Remembering the slaves at Mount Vernon

Emotions: `Anyone who could survive those times in American history deserves to be honored,' one descendant says.


MOUNT VERNON, Va. - Exactly 200 years after Martha Washington freed George Washington's slaves, descendants of the slaves gathered to share their ancestors' stories with tourists at the first president's Virginia plantation, Mount Vernon.

President Washington, born into a colony that embraced slavery, came to doubt the ethics of the practice and ordered in his will that his personal slaves be freed upon his widow's death. But she did not wait, granting 123 of the slaves freedom on Jan. 1, 1801, two years after Washington died. She died a year later.

"We are here today to stand up and let people know that theirs is a critical legacy," said Rohulaman Quander, a resident of the District of Columbia and a descendant of a Mount Vernon slave, Suckey Bay.

"What these people did on a daily basis was critically important, so Washington could go and run the country," Quander said. "Washington knew the slaves back at the plantation were keeping things under control."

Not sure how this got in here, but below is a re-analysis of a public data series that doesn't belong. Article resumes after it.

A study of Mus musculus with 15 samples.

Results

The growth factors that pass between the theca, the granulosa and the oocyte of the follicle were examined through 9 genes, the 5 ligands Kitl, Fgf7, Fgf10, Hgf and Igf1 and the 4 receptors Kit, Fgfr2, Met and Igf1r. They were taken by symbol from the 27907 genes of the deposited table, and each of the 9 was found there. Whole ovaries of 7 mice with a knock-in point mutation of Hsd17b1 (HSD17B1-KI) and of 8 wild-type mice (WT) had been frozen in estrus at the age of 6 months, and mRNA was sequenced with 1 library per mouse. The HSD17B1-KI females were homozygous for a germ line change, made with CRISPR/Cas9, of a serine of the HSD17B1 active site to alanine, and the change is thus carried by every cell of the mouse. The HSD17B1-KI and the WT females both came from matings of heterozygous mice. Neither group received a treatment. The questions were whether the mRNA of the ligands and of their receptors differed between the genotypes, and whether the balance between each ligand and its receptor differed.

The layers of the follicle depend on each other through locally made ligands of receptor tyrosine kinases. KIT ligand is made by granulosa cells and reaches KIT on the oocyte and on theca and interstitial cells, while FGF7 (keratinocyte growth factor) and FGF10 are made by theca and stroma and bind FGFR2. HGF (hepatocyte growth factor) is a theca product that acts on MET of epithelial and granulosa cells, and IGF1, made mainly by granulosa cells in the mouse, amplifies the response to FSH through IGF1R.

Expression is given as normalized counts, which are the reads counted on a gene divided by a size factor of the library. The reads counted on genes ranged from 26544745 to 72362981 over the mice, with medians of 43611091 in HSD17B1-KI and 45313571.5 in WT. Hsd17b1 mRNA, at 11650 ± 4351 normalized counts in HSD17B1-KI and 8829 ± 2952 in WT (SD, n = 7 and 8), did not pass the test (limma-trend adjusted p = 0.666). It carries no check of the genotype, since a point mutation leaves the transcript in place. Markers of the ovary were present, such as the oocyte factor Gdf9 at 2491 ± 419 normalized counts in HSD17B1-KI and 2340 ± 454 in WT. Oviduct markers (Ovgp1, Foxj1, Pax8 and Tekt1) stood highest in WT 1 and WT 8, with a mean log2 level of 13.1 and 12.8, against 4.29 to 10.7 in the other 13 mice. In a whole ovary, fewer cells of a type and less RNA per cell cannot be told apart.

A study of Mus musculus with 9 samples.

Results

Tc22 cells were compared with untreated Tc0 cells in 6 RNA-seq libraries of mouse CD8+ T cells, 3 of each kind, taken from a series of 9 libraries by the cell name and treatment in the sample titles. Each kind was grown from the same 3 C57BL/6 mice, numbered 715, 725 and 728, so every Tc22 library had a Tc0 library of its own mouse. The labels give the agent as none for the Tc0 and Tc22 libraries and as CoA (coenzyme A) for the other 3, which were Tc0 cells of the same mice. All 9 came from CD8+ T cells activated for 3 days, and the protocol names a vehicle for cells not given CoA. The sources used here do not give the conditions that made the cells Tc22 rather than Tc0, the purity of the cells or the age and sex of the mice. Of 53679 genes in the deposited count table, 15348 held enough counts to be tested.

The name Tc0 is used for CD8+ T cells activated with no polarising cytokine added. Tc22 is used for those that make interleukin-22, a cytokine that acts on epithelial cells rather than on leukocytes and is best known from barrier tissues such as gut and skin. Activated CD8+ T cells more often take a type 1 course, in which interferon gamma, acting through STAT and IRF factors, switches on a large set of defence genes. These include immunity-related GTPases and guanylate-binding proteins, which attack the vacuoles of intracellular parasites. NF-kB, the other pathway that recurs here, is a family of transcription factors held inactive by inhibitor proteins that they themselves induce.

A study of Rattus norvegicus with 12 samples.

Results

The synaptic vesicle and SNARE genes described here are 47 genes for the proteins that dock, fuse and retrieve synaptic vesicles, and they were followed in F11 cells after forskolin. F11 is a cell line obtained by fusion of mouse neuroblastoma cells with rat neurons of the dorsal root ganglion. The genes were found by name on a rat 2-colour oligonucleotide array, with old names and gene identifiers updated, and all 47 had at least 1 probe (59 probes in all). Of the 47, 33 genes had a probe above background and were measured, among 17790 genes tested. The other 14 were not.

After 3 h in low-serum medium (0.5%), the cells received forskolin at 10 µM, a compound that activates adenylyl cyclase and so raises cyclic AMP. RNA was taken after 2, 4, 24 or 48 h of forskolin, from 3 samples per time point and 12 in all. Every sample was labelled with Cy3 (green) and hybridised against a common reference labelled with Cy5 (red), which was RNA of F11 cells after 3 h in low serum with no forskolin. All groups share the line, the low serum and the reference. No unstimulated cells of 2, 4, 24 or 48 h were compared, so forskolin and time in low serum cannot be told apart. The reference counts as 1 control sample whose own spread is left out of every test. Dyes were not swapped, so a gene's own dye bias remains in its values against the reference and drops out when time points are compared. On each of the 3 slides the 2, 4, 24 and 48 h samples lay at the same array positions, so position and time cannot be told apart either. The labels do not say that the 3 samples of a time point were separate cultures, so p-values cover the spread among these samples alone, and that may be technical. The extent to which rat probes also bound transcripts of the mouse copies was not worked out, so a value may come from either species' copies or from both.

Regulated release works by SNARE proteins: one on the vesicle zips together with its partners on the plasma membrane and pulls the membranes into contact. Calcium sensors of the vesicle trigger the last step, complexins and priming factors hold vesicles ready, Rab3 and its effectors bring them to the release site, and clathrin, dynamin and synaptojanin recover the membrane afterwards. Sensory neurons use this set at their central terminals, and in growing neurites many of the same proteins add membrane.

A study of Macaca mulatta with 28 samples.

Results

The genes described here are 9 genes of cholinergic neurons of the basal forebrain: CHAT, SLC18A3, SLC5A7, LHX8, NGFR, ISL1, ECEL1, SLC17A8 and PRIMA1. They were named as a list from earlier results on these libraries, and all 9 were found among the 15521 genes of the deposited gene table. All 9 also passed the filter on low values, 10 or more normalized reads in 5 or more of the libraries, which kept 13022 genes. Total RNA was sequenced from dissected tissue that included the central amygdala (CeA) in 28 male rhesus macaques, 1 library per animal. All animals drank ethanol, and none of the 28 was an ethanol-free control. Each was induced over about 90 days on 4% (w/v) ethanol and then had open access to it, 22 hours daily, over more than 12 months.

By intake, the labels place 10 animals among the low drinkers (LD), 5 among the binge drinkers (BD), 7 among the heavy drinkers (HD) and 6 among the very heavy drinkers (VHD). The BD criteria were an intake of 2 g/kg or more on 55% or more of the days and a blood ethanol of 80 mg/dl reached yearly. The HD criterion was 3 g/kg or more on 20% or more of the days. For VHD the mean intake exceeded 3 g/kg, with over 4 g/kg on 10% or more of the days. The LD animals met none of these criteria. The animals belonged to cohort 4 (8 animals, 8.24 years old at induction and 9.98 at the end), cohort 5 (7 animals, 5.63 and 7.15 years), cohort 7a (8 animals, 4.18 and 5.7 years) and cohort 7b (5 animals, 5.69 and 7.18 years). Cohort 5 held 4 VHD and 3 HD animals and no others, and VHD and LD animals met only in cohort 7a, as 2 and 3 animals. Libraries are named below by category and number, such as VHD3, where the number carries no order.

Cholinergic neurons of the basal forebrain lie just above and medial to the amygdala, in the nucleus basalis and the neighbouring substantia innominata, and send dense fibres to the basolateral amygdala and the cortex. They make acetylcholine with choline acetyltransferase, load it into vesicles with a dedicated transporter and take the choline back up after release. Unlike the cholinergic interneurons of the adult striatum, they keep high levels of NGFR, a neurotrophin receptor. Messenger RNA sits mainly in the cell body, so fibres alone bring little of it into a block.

There were 316 slaves at Mount Vernon when the Washingtons lived there, but not all were freed, because slaves that Mrs. Washington had inherited from her first husband, Daniel Parke Custis, were partly owned by the children of that marriage. Only Washington's personal slaves were emancipated, and the Washingtons' actions left a trail of split families and destroyed marriages among the slaves.

But several descendants at the recent tribute appeared interested only in remembering the slaves that they said helped build a nation, and not to place blame on the Washingtons.

Hundreds of visitors listened to presentations by descendants and the plantation's curators at Mount Vernon.

"Anyone who could survive those times in American history deserves to be honored," said Zsun-nee Kimball Matema of Silver Spring, a descendant of Martha Washington's personal maid, Caroline Branham. "That is why I am here today."

Fearing the outrage of slavery supporters, Washington never publicly supported abolition, but privately, he expressed concern.